Metro

MONTEREY COUNTY — California Transportation Commission has awarded $44.8 million in Active Transportation Project grants for multiple projects that will enhance safety and facilitate active modes of transportation in Monterey County.

Seven projects submitted by the Transportation Agency for Monterey County (TAMC), County of Monterey, Monterey County Health Department, City of King and City of Salinas have received funding.

“This is a great win for Monterey County,” said Todd Muck, executive director of TAMC. “Through this collaborative effort, we were able to secure funding for small, medium and large infrastructure projects that will close missing gaps and make it safer and easier for people to move around in their communities, including students going to and from school every weekday.”

In King City, the San Antonio Drive Path and Safe Routes to Schools project was awarded just over $11 million. The project is part of the city’s larger efforts to “increase active transportation connections and will dramatically transform the city,” according to TAMC in a news release Dec. 9.

The King City project will construct 1.6 miles of paved bicycle and pedestrian paths, three roundabouts, and build sidewalks and ADA curb ramps to connect students and seniors to schools, parks, housing and jobs.

Also in South Monterey County, projects in Chualar and San Ardo received millions of dollars in funding.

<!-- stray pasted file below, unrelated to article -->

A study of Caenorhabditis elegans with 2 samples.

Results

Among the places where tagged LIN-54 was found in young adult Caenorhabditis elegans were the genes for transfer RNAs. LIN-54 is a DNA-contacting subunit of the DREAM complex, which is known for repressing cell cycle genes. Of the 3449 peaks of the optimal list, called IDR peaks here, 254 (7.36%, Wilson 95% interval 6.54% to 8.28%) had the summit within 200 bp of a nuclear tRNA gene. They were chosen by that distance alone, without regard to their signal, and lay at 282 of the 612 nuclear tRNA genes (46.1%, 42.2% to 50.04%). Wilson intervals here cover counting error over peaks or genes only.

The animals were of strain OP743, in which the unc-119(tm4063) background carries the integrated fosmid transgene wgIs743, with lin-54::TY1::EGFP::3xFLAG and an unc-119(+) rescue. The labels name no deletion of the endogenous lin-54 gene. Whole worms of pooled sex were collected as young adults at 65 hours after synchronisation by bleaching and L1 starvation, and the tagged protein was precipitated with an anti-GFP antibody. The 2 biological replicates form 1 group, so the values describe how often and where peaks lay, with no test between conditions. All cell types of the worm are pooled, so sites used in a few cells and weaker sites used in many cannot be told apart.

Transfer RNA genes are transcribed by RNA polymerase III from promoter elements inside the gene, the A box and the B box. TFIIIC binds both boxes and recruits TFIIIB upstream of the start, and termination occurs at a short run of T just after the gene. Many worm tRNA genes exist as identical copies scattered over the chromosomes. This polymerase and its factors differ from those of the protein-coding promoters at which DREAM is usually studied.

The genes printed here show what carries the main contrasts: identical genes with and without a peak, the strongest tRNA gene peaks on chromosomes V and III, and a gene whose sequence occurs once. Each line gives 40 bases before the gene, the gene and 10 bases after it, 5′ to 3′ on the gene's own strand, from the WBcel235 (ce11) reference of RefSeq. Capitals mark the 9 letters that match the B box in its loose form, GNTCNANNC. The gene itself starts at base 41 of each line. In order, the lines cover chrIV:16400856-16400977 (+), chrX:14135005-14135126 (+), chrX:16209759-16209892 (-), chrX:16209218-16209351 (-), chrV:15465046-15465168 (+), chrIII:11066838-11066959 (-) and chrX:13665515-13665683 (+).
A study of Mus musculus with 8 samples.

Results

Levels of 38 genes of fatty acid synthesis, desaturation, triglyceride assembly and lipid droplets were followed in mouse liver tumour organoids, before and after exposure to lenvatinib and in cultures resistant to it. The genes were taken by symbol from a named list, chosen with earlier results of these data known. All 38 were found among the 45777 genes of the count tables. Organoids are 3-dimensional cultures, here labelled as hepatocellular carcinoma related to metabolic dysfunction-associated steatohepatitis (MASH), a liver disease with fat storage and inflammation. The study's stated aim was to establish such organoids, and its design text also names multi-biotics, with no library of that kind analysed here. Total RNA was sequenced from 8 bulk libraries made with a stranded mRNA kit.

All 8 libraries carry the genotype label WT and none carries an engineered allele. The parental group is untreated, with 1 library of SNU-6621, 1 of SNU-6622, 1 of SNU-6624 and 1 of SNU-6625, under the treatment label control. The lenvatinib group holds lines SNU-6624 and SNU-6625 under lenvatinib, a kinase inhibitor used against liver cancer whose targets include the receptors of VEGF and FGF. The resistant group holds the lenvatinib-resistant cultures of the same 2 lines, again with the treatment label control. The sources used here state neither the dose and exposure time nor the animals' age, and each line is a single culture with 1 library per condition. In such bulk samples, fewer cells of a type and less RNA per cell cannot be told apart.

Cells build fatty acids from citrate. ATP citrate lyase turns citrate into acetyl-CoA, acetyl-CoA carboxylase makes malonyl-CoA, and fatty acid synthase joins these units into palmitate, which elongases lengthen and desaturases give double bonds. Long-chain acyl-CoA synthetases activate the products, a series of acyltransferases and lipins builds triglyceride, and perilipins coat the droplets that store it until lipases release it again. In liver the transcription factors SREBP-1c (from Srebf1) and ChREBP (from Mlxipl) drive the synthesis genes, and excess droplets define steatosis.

The Community and School Connection Through Active Transportation projects — submitted by the County of Monterey for Chualar ($6.3 million) and San Ardo ($3.4 million), as well as for Castroville ($6.4 million) in North County — will construct curbs and gutters, sidewalks along identified streets and crossing enhancements, beacons, signage, lighting, ADA curb ramps, bike lanes and Safe Routes to School educational activities.

Submitted by the City of Salinas, Safe Routes to School projects for Alisal ($1 million) and Harden Parkway ($8 million) will create a “safe active transportation network allowing for safer walking and bicycling in front of the schools along the busy corridors with fast moving traffic along Harden Parkway, East Alisal Street and Williams Road,” TAMC said.

Improvements include a pedestrian hybrid beacon at an existing crosswalk, installation of a pedestrian refuge island, ADA-compliant ramps, high visibility crosswalk, speed feedback signs, buffered bike lanes and narrowed vehicle lanes.

Finally, the Fort Ord Regional Trail and Greenway: California Avenue Segment project, submitted by TAMC, received more than $8.4 million in funding.

The project, located in the City of Marina, will construct a 1.8-mile segment of the planned 28-mile regional trail, including such improvements as a protected intersection and bicycle and pedestrian overcrossing. It is one segment of FORTAG that “closes a gap in the regional multi-use path network,” TAMC said.